Medications for ADHD

Information from the National Institute of Mental Health regarding medications currently used to treat ADHD.

from National Institute of Mental Health

The National Institute of Mental Health provides a list of medications used for attention deficit hyperactivity disorder (ADHD).

Medications can be prescribed by M.D.s (usually a psychiatrist) and in some states also by clinical psychologists, psychiatric nurse practitioners, and advanced psychiatric nurse specialists. Check with your state’s licensing agency for specifics.

Trade Name Generic Name Approved Age
Adderall amphetamine 3 and older
Adderall XR amphetamine (extended release) 6 and older
Concerta methylphenidate (long acting) 6 and older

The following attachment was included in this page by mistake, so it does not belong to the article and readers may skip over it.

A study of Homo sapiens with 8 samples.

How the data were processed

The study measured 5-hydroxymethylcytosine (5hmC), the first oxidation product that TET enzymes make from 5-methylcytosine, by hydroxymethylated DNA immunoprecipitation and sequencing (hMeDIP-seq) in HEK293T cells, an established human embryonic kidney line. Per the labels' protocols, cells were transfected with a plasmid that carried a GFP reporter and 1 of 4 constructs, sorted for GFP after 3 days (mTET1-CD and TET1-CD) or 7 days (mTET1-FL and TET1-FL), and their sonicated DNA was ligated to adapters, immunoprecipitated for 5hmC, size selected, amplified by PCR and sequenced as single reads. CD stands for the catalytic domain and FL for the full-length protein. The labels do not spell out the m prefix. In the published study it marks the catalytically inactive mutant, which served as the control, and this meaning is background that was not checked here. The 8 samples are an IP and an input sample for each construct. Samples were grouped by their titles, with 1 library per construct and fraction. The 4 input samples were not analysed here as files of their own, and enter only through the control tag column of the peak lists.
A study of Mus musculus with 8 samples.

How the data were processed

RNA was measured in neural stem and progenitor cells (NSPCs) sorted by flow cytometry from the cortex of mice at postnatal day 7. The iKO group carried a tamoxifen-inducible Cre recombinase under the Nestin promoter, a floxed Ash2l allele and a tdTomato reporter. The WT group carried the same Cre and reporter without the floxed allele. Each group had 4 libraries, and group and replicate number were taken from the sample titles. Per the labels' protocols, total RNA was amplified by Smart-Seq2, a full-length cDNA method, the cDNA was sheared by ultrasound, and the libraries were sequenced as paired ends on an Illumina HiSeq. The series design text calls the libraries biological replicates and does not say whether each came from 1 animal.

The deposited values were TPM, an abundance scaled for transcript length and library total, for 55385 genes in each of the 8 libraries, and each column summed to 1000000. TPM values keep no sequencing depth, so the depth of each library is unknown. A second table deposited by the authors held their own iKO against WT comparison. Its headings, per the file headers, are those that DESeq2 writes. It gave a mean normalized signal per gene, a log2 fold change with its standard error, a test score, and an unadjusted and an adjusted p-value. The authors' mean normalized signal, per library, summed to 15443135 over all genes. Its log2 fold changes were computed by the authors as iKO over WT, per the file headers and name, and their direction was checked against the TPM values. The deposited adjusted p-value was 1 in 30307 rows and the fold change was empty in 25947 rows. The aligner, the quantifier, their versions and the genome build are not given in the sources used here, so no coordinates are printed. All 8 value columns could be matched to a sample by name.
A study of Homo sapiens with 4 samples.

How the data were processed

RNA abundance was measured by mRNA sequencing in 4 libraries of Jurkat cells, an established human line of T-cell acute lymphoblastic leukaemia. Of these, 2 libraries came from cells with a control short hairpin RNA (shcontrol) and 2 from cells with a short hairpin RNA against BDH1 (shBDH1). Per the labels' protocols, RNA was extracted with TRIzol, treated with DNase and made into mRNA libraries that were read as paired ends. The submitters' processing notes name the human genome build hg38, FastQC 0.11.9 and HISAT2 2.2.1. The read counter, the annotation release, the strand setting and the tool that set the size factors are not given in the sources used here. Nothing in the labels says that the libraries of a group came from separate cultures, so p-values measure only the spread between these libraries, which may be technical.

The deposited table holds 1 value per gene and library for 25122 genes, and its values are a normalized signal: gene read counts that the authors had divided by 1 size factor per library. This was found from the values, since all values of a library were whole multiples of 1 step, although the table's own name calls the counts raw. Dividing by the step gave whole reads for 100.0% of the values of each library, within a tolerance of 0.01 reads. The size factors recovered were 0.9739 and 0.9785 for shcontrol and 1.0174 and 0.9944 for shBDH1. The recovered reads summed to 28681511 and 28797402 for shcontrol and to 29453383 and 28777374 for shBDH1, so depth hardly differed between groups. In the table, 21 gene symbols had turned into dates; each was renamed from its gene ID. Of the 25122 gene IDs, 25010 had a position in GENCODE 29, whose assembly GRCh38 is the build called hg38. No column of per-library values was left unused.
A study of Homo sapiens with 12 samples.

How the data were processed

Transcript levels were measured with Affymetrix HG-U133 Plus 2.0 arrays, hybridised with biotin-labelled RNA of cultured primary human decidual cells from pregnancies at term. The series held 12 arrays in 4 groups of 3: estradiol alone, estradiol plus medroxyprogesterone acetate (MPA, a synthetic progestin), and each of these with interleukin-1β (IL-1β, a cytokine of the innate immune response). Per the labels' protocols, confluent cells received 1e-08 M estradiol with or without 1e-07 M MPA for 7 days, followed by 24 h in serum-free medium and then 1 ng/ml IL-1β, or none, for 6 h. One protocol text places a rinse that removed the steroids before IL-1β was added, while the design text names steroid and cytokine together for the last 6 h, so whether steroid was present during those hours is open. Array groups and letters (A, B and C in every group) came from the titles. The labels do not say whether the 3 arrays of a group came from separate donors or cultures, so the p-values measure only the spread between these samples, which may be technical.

Daytrana methylphenidate patch 6 and older
Desoxyn methamphetamine hydrochloride 6 and older
Dexedrine dextroamphetamine 3 and older
Dextrostat dextroamphetamine 3 and older
Focalin dexmethylphenidate 6 and older
Focalin XR dexmethylphenidate (extended release) 6 and older
Metadate ER methylphenidate (extended release) 6 and older
Metadate CD methylphenidate (extended release) 6 and older
Methylin methylphenidate (oral solution and chewable tablets) 6 and older
Ritalin methylphenidate 6 and older
Ritalin SR methylphenidate (extended release) 6 and older
Ritalin LA methylphenidate (long acting) 6 and older
Strattera atomoxetine 6 and older
Vyvanse lisdexamfetamine dimesylate 6 and older

*Not all ADHD medications are approved for use in adults.

NOTE
: “extended release” means the medication is released gradually so that a controlled amount enters the body over a period of time. “Long acting” means the medication stays in the body for a long time.

Over time, this list will grow, as researchers continue to develop new medications for ADHD. Medication guides for each of these medications are available from the U.S. Food and Drug Administration (FDA).

Visit the National Institute of Mental Health for more information about ADHD.